St. Ignatius Loyola, from the Ratio Studiorum (1606)

Books Illustrating the First Two Centuries
of Contemplation and Action of the Society of Jesus

Thumbnail image from Matteo Ricci's De Christiana expeditione

Book 6

Bartoli, Daniello, 1608-1685.
Della vita e dell’istituto di S. Ignatio ...
(Rome: Nella stamparia d’Ignatio de’Lazari, 1659)

The ornate title page of this work reflects the growing cult of Ignatius following his death in 1556 and his elevation to sainthood in 1622, as well as the evolution of imagery added to the Gesù, the Mother Church of the Society in Rome throughout the seventeenth century, where the connections of Ignatius to the Divine were repeated and refined. Here we see the earth’s orb illuminated by rays of light streaming from the sun, next to which an apotheosized Ignatius, looking calm and cerebral, sits in glory. Below, personifications of the four known continents, the objects of the Society’s missionary and educational endeavors (Africa, Asia, Europe, and America) gaze heavenward. Two continents, Europe and Asia, are personified by women of regal bearing who turn away from their material and terrestrial possessions to behold Ignatius and the symbols of the Society’s mission. At Europe’s feet lie a crown and a tiara, symbols of temporal and spiritual preeminence—a sly dig at papal authority? The fabled wealth of the East is symbolized by a treasure hoard spread on the ground near Asia. Africa and America (North and South America then were often represented as one continent), also gazing heavenward, are portrayed as semi-nude female figures holding attributes of their geographical regions, and revealing through their partial undress their lack of civilization. The rendering of the four parts of the earth as female figures is common for this period, but this illustration also reminds the viewer that the Jesuits, an all male order, were nevertheless very conscious of their role as confessors and spiritual guides to women—who were also sometimes important patrons of the Society’s endeavors.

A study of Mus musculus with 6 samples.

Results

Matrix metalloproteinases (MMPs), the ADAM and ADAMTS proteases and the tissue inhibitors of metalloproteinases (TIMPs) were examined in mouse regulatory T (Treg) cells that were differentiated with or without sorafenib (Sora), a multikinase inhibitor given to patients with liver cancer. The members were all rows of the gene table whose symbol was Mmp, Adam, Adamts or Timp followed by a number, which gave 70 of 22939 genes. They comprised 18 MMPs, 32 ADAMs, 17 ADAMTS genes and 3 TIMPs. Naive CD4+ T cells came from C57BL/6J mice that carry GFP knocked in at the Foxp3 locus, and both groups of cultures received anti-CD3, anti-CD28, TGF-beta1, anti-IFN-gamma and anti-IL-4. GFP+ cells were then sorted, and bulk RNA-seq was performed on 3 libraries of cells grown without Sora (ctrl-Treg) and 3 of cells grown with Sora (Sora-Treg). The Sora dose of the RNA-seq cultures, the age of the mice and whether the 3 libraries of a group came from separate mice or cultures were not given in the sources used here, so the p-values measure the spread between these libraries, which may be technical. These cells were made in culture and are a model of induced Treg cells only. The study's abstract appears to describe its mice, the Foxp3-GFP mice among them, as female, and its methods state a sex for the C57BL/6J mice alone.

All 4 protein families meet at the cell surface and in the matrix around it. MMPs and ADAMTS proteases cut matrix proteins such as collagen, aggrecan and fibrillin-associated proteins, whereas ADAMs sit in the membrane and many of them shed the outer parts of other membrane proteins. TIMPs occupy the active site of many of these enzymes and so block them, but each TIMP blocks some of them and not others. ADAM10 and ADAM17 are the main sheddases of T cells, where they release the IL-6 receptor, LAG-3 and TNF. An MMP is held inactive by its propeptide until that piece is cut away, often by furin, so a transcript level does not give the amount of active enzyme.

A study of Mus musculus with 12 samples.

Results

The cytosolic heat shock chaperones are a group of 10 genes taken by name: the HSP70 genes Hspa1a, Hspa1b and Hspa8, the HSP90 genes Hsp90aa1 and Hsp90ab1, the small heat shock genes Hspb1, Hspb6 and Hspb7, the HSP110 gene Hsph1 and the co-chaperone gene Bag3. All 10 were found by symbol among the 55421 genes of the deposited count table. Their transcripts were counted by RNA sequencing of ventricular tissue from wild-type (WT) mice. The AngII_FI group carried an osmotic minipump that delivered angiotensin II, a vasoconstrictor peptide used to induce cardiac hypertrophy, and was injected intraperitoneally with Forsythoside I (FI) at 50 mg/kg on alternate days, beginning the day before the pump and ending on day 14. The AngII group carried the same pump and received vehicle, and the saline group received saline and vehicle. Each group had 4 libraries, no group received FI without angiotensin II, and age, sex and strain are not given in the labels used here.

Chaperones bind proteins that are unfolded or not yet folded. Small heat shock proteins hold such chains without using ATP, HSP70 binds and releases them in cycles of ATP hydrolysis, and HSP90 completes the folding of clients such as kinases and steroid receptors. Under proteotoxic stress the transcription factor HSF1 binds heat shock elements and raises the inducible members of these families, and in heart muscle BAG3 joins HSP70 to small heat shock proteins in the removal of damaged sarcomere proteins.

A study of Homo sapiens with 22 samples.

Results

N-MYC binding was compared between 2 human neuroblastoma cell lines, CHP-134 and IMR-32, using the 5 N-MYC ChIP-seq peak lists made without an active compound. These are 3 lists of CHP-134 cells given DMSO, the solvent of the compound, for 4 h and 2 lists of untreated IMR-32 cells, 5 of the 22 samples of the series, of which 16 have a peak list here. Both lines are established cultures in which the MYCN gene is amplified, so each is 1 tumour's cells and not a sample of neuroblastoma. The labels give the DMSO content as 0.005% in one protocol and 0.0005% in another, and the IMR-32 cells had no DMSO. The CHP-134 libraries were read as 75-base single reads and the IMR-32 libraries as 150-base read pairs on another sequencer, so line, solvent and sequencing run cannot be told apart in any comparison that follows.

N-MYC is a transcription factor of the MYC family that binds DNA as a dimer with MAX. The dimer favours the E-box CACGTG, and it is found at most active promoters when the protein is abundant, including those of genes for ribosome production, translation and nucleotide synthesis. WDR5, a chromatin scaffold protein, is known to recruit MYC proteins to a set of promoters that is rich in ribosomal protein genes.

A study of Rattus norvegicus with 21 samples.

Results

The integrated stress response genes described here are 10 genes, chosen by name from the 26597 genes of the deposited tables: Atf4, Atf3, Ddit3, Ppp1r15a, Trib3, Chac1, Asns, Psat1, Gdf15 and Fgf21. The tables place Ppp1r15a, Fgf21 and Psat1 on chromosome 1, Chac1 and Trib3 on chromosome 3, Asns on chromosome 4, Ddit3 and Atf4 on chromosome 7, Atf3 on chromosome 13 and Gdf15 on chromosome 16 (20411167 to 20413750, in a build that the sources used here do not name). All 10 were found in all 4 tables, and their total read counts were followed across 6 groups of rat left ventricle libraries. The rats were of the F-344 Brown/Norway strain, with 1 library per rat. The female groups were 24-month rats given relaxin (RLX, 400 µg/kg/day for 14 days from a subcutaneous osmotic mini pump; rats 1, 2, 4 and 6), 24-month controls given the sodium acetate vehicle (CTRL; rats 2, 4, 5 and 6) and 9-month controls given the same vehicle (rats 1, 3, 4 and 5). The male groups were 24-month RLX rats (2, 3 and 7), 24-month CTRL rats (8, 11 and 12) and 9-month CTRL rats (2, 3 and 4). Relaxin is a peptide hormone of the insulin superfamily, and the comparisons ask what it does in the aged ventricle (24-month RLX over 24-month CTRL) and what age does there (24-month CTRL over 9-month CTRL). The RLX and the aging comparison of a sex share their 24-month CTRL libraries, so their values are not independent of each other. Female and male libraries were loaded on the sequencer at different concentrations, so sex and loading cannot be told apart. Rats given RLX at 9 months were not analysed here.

This engraving, executed by the Flemish artist Cornelis Bloemaert, combines the themes of illumination, worldwide activity, divine approbation, and, perhaps most notably, the personality of Ignatius himself. In the century after his death, the Society’s founder increasingly became recast as a figure largely divorced from the practical business of directing the early Society and became instead an almost superhuman personality (compare with the portrait of Ignatius on the title page of the Ratio and note the generous size of the saint’s cranium here) who might be approached only with great reverence. While this rendering of Ignatius is less rigid than that seen on the title page of the Ratio, the Founder is still presented as an extraordinary entity with unusual attributes and in close communion with the Divine. The more human side of Ignatius’ personality would remain buried under pious legends and baroque accretions until the twentieth century when the published memoirs of Luís Gonçalves de Câmera would reveal glimpses of the real man.[11]

Summing up the ideas of a spiritual journey, contact with non-European cultures, and the universality of the message proffered by the Society, this engraving suggests how the mature Society saw its place in the world a little more than a century after Ignatius had passed from the scene.

[11] Luís Gonçalves de Câmera, Remembering Iñigo: The "Memoriale": Glimpses of the Life of Saint Ignatius of Loyola, trans. Joseph A. Munitiz, S.J., and Alex Eaglestone (St. Louis: The Institute of Jesuit Sources, 2004).